It is interesting to read the comments this talk has elicited. People project onto the talk their own fears or beliefs. The talk has one purpose, and I suppose it has achieved that: it is to get people debating and thinking about the ethics of biotechnology. That is why, nowhere in the talk, do I give my own opinion as to correct answers; I want the viewer to ask themselves the questions.
On the other hand, some of the claims in the comments are pretty surprising. I am involved in quite a few biotechnological projects, so the idea that I am anti-technology or a Luddite borders on the absurd. When Craig Venter first decided to create his minimal genome, he hired my Center at Penn to examine the ethical issues involved, and the two articles were published side by side in Science. So is Craig Venter a Luddite because he was concerned about the ethics of biotechnology?
Science and ethics must go hand in hand. When they don't, science has done unconscionable things. All good scientists understand this, which is why top scientists generally support bioethics, and believe in the importance of incorporating ethical reflection into science and science education. The purpose of bioethics is not to stop science, but to make sure that it is both performed ethically (the history of human subject experimentation is scandalous) and that society, and scientists, carefully consider the best use of scientific funds and the direction of scientific inquiry.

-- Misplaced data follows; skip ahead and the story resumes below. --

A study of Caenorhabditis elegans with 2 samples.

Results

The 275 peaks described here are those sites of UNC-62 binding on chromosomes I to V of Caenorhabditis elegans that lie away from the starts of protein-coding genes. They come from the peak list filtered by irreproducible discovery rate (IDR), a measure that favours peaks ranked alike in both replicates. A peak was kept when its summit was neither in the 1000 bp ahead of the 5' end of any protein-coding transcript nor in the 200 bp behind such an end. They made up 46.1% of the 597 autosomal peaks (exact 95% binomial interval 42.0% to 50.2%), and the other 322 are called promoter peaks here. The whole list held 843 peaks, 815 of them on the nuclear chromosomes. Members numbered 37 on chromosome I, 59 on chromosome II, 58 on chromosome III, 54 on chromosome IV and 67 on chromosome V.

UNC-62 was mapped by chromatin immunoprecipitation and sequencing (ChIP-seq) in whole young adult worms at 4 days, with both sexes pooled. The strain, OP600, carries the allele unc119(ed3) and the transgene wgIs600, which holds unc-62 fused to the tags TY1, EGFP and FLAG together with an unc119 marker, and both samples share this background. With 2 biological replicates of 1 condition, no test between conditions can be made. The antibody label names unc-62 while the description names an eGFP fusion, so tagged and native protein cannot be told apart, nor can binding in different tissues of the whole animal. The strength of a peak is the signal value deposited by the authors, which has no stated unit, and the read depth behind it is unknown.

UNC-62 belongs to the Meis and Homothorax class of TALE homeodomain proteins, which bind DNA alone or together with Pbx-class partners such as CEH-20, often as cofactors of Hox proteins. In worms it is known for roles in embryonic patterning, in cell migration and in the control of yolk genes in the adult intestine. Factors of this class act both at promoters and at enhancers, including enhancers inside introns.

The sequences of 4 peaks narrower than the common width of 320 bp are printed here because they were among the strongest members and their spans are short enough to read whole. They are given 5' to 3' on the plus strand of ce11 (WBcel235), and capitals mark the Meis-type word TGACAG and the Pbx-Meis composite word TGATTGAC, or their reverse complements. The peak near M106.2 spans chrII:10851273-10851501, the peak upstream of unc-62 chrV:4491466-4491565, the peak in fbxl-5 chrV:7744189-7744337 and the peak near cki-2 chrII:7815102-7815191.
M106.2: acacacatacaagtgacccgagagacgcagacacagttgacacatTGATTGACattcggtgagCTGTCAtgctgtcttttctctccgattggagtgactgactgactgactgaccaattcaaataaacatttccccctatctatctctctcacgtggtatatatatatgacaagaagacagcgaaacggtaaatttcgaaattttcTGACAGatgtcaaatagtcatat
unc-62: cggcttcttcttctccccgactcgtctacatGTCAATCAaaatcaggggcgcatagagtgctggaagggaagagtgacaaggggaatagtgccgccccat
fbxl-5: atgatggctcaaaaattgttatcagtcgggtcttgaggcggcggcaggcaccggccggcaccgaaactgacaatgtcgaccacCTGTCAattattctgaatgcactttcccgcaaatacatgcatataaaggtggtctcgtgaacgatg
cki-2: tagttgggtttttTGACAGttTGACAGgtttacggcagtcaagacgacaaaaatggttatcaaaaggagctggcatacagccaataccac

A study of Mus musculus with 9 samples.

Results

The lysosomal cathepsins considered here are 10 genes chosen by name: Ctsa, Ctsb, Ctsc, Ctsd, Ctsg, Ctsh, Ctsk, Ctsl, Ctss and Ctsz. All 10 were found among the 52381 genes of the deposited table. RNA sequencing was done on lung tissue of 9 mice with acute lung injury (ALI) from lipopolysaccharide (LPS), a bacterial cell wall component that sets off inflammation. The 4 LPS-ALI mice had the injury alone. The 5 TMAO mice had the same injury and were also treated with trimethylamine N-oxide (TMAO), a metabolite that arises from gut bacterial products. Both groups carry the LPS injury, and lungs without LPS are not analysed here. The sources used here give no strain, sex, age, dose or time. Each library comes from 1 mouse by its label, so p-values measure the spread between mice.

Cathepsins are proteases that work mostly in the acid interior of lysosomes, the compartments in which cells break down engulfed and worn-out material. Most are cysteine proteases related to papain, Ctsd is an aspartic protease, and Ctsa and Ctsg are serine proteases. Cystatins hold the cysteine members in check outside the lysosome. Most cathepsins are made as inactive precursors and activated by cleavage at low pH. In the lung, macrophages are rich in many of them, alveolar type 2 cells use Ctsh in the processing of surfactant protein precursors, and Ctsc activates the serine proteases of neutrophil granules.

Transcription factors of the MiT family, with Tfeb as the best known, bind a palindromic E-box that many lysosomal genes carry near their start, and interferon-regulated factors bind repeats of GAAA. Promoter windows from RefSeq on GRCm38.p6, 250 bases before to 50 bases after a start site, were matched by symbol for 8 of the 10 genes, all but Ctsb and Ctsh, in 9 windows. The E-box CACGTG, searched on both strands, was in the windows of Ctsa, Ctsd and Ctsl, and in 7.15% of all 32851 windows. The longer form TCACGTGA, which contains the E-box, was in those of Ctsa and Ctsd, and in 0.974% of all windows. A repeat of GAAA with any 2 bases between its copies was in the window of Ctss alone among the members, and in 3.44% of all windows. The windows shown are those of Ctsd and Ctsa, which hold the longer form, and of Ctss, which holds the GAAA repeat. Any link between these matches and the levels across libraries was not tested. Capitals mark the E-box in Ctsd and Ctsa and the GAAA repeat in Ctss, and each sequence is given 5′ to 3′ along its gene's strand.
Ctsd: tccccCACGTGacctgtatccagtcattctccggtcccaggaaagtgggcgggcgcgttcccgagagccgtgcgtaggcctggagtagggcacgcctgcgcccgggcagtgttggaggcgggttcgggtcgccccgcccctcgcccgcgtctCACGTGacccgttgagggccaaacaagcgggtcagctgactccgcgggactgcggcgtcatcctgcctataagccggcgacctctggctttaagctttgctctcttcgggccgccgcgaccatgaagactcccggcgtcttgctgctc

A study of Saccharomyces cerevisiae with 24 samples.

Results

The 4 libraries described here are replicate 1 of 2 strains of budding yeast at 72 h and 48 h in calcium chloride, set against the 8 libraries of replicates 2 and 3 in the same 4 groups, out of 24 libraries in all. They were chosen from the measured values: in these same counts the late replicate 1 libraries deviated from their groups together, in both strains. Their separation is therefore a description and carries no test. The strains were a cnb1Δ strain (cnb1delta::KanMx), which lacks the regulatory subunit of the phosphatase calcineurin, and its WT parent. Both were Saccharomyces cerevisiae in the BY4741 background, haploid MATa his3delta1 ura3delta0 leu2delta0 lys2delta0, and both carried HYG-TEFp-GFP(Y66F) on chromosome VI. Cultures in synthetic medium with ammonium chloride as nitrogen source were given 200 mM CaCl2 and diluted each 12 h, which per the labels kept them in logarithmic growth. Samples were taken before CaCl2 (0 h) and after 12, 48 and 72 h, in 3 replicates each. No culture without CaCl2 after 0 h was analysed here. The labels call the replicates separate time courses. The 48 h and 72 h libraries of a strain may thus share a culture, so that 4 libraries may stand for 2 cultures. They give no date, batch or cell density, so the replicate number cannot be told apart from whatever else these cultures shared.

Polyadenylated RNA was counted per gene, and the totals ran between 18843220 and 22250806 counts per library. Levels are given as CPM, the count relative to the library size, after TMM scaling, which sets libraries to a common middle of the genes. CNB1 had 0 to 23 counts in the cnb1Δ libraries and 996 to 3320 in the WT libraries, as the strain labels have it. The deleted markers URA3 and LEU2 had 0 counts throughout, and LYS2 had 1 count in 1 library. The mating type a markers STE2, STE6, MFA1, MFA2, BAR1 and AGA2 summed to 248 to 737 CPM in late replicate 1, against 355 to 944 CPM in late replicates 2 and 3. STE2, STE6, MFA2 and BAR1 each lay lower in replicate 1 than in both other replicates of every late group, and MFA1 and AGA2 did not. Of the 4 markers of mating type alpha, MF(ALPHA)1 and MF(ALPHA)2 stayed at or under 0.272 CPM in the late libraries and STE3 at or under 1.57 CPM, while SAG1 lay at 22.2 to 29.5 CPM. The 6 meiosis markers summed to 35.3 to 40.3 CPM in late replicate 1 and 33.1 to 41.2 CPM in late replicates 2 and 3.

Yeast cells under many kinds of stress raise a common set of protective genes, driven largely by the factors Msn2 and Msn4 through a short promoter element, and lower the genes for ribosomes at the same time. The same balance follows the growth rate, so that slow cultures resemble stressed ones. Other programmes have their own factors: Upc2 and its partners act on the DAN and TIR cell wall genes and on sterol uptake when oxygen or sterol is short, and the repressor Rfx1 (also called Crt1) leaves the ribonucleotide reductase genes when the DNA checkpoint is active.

As far as what is done in one's private lab, that too must be constrained by ethical standards. Just because a lab is private does not mean we should allow it to manufacture a virulent virus, do cruel experiments on animals, or release an engineered organism into the ecosystem. Science is part of society, and has no special purchase from which to excuse itself from the ethical reflection or standards that the rest of society is subject to.

    • Apr 14 2011: While it may be true that many of the debates concerning ethical issues in biotechnology have had little to no effect, the fact remains that before we can punish those who are "unethical", we first have to establish what is or isn't ethical. The reason why the majority of our food is genetically manipulated without any protest is because we never actually drew the rather fine line between what is moral and what is immoral. Before we can decide how to punish unethical behavior, we first have to decide who needs to be punished, and to do that, we have to determine what actions should be punished, which goes back to the ethics debate that you consider so unnecessary. I would also love to see some reform in the system, to require companies to inform the consumers of whether or not their product is genetically engineered. But before we can write laws, we have to decide what exactly these laws should combat, and which practices by scientists should be encouraged or discouraged.